As you get closer to retirement it is not all or nothing when deciding how much work you take on. You can certainly slow down somewhat while continuing to be active in your career.
And for real estate investors, that could mean reducing the amount you have to do as a landlord maintaining properties. That is why the Delaware Statutory Trust (DST) is an appealing option to consider.
Daniel Goodwin of Kiplinger elaborates, saying that while it might be tempting to simply sell off the properties you have, you will then face hefty capital gains taxes.
Alternatively, you could take that same step, but then sell through a 1031 Exchange and then reinvest in passive DST real estate. This protects your funds from taxes, while simultaneously allowing you to continue to earn more through the DST.
That last part is what appeals to so many aging investors right now. Many worry about selling their properties because they realize they may have lost value, which could result in effectively forfeiting hundreds of thousands of dollars. So a compromise that protects that money while also allowing it to build is much more agreeable.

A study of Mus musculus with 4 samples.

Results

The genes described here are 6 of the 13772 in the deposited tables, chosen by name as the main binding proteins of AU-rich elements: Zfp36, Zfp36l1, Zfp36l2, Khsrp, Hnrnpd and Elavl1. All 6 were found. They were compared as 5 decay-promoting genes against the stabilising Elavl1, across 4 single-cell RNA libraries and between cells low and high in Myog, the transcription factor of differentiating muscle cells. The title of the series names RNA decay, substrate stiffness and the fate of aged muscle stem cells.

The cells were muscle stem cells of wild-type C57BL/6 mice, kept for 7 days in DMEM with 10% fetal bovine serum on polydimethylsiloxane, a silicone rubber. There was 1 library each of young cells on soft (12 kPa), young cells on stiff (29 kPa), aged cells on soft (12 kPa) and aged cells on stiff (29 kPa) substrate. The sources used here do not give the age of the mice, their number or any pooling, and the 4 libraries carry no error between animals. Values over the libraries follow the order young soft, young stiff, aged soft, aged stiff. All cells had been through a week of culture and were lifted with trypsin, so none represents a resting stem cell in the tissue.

If that sounds like a solution to concerns you have had, a talk with a certified public accountant or a firm that specializes in these types of investments, could help you figure out if this strategy works for your long-term plans.
Frederick Hubler, Chief wealth strategist for Creative Capital Wealth Management Group has been using accredited investments (and DST’s) since they became available. “For working professionals who want to build up real estate, a DST allows them to convert cash into passive real estate investments but still be “taxed” as real estate. For our clients who have owned investment real estate and have taken all the depreciation they can (or no longer want to be landlords) then selling their property and using the 1031 to exchange into a DST will allow them to defer the capital gains.”
Hubler goes on to say, “current tax law also allows a “step up” at death so those deferred gains will be eliminated when it is inherited by the heirs.”
Though do bear in mind that a DST can only be used by accredited investors, individuals or couples with either a net worth of over $1 million or an income of more than $200,000 ($300,000 for couples) per every two years. So now is the time to take stock of what you have, and figure out where you want to go next with it.
To read more about how a DST could aid in your retirement plans, check out Kiplinger’s article about it here.
Want to know if you’re on the right path financially? Fred Hubler’s Second Opinion Service (SOS) is a no-obligation review with Creative Capital Wealth Management Group‘s Chief Wealth Strategist. It’s simply not possible to get a reliable second opinion from the same person who gave you the first one. Click here to schedule an SOS meeting.